All in the Mind

All in the Mind


Tesshin Roshi started this week’s talk by describing the part of the morning service in a Zen temple where all the names of the ancestors are chanted.  The list is pretty long and the chant can go on for over 10 minutes.  During this chant, the main goal is to read out all of the names without messing up any of them!  Roshi reminded us that each of these names represents a great master.  If we were to study the teachings of these teachers it would take decades and decades and we would only be scratching the surface.


The message clearly is that our tradition is broad and deep.  How should a student get their arms around such a deep body of knowledge?  To help, Roshi related the story Hillel – a great Jewish teacher.  A student once challenged him to teach the entire Jewish tradition standing on one foot.  Hillel responds that the entirety of the faith is doing good to others – everything else is commentary.  The commentary is important, of course, but we should never lose the key message when studying everything else.  It is the same thing with Zen, of course.  Our tradition is all about the elimination of suffering for all beings– everything else is commentary.


Roshi reminded us, however, that it is still important to study the tradition and understand the nuance and commentary.   Over the next few weeks, Roshi will explore one of our most famous teachers – Vasubandhu.  Vasubandhu was a Buddhist monk and philosopher, born in Peshawar (in present-day Pakistan)  Vasubandhu is one of the founders of the Yogācāra school of Buddhism, and his many philosophical and religious works have been highly influential in Buddhist thought including Zen.  One of the works of Vasubandhu is called the “Thirty Verses.”   One thing to note about this teacher is his heavy usage of the term “Consciousness.”  This term was not really used commonly in Buddhist thought before.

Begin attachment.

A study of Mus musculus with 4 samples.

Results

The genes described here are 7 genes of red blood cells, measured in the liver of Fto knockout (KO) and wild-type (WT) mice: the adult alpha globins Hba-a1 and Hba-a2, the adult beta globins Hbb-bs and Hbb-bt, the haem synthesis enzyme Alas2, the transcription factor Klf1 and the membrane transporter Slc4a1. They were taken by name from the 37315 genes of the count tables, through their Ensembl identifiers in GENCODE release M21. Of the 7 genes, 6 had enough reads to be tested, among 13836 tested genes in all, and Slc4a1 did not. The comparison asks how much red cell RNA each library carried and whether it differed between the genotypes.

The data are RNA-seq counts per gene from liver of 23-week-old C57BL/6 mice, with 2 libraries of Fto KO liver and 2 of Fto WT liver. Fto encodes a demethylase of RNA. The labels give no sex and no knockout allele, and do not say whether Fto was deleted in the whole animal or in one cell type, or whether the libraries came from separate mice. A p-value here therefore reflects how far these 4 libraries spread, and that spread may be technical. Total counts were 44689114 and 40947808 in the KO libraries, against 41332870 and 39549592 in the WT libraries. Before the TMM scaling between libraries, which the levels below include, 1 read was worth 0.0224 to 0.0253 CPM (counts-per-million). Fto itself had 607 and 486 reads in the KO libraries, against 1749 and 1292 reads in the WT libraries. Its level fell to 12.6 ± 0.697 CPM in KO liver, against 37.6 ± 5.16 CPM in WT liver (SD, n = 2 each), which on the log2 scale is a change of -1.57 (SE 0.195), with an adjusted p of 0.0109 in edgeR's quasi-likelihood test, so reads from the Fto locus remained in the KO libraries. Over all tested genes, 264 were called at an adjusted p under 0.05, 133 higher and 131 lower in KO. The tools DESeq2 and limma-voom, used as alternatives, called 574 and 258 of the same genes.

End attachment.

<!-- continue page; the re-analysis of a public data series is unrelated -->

For this week’s talk Roshi explored the first verse.  In this verse, Vasubandhu states that …


The metaphors of “self” and “events” (dharmas) which develop in so many different ways take place in the transformation of consciousness (vijñāna): and this transformation is of three kinds


What does he mean by metaphor and in the transformation of consciousness?  The thing about a metaphor is that it is always in context.  Roshi gave an example.  “The world is a pale blue marble.”  This only works if you know what a marble is.  In a very real way, a metaphor is a tool, but it is not real.  It is like the finger pointing to the moon, but not the moon itself.    


Roshi remarked that Vasubandhu is saying the same thing about the metaphors of “self” and “events.”  They all take place in our consciousness.  They are useful tools, but are not real in any sense.   We are born instinctually to use these tools, but our practice reminds us that they are simply metaphors to help us.  The world is nothing other than the constant transformation of our consciousness.  In a very real sense, this is a gift as it reminds us that our suffering is mainly in our mind and as such, we have a concrete way to overcome it for ourselves and for others.  


Roshi finished his talk by noting what distinguished the great line of teachers was their willingness to not just teach but continuously practice.  The great teachers of our lineage understood the key message of Zen which is that there is suffering and that our practice can eliminate that suffering.  They practice first and foremost – the teaching emanated naturally from a life of practice.  Vasubandhu is one of these great teachers.  He reminds us that suffering is in the mind, and as such, if we practice we can get control of the suffering, and if we can do this we can serve as an example to others.